JULY 1, 2010

Phyllis and Pastor David King

“It’s the ability to love other people,” an interview with Pastor David King

By Alannah Allbrett

   Pastor David King, of Riverside Assembly of God, has been in the ministry since 1978. He was once asked to speak to a youth group while in training in Texas at an Air Force base. “I was able to get up and speak clearly, and knew I had found what I was good at. More importantly,” he said, “I felt God’s pleasure; the easiest thing I do is public speaking.”

   David met his wife-to-be, Phyllis, in a Sunday School class. He was a senior in high school at the time. They graduated together, and both attended Northwest College in Kirkland, WA where he studied theology. He attended for a year and then went back and completed his degree in 1985, studying Bible Literature with a double minor in Greek and Theology. But he didn’t always know a relationship with God.

   As a middle child from a large family, David felt he was sort of invisible. He said he had severe emotional problems and felt very isolated as a child. At the age of 15 he was brought into the faith by a youth pastor who was the first person who showed an interest in him. “We had a series of meetings together.”

   “I was rebellious and wanted to be taken as a false prophet – as an anti-Christ and taken seriously, but he did not reject me,” said David.  “He didn’t give up on me. I was glad that he was there, and he included me in a summer camp at Prayer Mountain in San Diego, CA. I had gotten to a critical point emotionally; I just got tired of crises. At camp, I climbed up to a cross, located on the hill, and said, ‘If you can do any better God, please do.’ A couple of months later, he got water baptized in church.”

   Tribune: “What does faith mean to you?”

   King: “Faith means putting your trust in something. In my case, it means trusting in Jesus Christ and his finished work on the cross. I have come to know what faith is. That kind of faith is the spoke and axel. It dictates what I do as a father, a husband, and a worker.”

   Tribune: “Do you know you are in God’s will and that He guides you?

   King: “Most of the time. I do what is right, and I trust that God will let me know if I am wrong. I don’t believe in an autistic God. Occasionally, I feel he has spoken to me. But most of the time, I trust in Him to just guide me by an understanding of what I ought and ought not to do.”

   Tribune: “What is an example of a manifestation of faith?”

   King: “It’s the ability to love other people. In our church about half the people have come to church for long periods of time [in their lives]. The other half is people relatively unchurched. They are genuinely embraced by our congregation. God loved the world so much that he gave his only son, and we’re here to spread that good news to those who are looking for and needing peace, joy, love, and faith.”

   Tribune: “How does your church serve the “unchurched?”

   King: “One way is we go to the State Hospital North and bring people to church when they have someone who wants to come. We are one of the first [listed] in the phone book, so we get called first when people are looking for help. We are not very rich, but it’s one of the ministries we get to do.”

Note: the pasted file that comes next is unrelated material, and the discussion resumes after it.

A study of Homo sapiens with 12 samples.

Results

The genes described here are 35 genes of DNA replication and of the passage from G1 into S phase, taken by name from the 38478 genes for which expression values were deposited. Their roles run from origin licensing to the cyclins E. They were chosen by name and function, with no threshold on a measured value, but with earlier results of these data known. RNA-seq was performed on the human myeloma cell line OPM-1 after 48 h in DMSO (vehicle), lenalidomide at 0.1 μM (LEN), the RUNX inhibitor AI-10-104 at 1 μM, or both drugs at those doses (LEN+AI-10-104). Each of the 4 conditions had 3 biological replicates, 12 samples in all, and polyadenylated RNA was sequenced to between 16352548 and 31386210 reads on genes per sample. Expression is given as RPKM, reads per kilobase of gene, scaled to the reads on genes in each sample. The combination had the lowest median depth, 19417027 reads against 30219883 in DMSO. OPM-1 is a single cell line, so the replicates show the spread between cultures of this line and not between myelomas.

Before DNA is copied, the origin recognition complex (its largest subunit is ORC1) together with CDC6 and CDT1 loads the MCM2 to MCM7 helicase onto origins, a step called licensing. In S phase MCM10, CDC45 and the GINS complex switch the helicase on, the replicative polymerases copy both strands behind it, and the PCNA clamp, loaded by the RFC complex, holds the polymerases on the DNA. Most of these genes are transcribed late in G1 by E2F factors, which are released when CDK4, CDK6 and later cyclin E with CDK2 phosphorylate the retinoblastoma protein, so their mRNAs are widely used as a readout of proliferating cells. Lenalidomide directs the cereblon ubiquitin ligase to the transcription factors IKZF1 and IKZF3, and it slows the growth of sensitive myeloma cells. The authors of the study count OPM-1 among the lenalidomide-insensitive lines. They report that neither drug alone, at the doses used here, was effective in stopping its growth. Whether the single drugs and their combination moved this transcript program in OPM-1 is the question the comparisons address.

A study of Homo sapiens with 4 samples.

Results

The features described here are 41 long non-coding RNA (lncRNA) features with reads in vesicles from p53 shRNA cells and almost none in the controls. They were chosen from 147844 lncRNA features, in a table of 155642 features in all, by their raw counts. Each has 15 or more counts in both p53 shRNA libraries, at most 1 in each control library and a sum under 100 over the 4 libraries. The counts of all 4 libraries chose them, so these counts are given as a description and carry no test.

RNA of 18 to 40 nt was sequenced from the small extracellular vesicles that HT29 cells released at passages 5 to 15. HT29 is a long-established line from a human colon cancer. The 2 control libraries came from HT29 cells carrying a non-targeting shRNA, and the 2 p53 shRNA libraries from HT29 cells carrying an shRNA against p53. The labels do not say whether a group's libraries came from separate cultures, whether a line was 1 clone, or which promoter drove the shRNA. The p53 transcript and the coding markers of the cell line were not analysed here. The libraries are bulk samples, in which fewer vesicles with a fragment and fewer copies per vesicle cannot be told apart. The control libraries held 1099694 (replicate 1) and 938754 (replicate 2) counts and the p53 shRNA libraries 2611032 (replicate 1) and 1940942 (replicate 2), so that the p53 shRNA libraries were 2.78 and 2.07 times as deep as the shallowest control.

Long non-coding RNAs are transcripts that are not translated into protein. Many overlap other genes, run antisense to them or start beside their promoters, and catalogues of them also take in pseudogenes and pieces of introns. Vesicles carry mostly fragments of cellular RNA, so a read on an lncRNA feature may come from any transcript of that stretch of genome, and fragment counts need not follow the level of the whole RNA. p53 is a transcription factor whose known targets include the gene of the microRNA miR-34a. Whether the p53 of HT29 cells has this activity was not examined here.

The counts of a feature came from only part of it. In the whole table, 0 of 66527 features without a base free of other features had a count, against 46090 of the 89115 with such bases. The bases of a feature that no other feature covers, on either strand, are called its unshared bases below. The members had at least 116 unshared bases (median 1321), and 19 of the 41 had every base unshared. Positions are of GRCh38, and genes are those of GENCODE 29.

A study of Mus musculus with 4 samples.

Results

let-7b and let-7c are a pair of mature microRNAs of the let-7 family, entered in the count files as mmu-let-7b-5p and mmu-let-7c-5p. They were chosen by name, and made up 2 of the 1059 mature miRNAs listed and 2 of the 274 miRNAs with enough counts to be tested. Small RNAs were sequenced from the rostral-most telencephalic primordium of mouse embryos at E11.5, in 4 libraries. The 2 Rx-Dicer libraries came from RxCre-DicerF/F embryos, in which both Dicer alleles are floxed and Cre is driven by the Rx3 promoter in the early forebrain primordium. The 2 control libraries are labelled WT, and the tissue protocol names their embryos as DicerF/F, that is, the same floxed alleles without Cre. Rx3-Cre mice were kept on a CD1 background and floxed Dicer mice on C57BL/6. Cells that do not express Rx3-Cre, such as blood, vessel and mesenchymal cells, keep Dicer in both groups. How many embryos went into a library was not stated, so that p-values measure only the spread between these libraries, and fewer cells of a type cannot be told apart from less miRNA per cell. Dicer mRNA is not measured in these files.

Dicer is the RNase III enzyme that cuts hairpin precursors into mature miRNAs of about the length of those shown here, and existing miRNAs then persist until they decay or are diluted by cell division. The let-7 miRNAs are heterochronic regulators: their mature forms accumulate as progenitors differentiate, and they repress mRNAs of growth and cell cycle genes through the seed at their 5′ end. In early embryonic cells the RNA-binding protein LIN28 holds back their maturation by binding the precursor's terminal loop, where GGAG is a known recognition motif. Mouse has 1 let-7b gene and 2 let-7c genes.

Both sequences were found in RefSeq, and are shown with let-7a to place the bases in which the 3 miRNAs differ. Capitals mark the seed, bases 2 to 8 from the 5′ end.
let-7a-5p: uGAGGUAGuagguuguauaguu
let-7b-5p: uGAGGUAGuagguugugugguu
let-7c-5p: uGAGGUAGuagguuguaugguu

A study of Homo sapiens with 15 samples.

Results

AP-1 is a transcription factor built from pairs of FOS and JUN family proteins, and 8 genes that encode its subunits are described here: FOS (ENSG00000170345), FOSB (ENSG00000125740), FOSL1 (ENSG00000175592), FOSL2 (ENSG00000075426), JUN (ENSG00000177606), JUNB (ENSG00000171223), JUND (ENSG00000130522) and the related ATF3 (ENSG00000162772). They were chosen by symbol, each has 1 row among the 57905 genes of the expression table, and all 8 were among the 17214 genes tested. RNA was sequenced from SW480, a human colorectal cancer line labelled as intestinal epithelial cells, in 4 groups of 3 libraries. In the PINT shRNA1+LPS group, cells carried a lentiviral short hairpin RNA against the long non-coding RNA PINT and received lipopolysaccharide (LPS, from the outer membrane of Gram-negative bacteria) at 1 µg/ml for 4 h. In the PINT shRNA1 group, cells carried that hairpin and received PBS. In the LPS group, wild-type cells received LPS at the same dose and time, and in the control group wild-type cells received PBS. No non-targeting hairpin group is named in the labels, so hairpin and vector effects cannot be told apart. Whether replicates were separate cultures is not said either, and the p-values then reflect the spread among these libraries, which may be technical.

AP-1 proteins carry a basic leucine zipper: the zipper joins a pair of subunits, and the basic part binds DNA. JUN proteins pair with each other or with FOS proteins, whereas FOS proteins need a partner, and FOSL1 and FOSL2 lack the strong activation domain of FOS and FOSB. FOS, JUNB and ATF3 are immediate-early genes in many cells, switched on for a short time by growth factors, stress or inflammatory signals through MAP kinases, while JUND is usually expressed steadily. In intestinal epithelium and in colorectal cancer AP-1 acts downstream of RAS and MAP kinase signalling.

If you have a teenage ministry – there is more noise and clutter, but that’s a good kind of problem. If you have little children, they are wigglier and noisier, but that’s a good kind of problem too. 

   Our people have the ability to show their love to other people and not turn them away. For instance, we have an ashtray on the front porch. We don’t want you to smoke (because it’s bad for you), but you are accepted. All of us have things in life that we can improve. We are not your average kind of church. People don’t feel judged here. We have a hard time getting the service started each week because everybody loves to gab.”

   During the week, Pastor King works at the prison. He is the coordinator for inmates who want to get their G.E.D.’s. He works with LCSC, identifying student needs, testing, getting them started in classes, and arranging their G.E.D. tests. He considers this work part of his ministerial calling as well. “Its one of the spokes that comes out from the axel of my faith. I want to treat them as Jesus would have me [treat them]. I don’t consider that as a separate part of my life.”

   Tribune: “What are some of your ministerial goals?”

   King: “We are trying to figure out how to have an outreach to the convalescent center near the high school and the County Jail.”

   In their services at Riverside Assembly of God, they try to have the children in the congregation take an active part in the service whenever possible. One of their sons, Jordan, from Lewiston, comes up every other weekend to participate in the service.

   Asked if their church sang the old hymns or new praise and worship songs, David said they do a mixture for everybody. It’s usually one old hymn, with two or three choruses from the 70’s and 80’s, and one or two new songs.

   His wife, Phyllis, besides running a daycare, answers the phone and handles office duties for the church from their home. She also leads the song service. David considers her a strong part of their ministerial team effort and said, “She is the number one Counselor for the Pastor.”

   The Kings came to Orofino December 31, 1998 from Brewster, WA. They have been married for 34 years and have four grown children – Charity (24), Tricia (22), Jordan (20), and Daniel (19). Jordan is the son that "commutes" to church.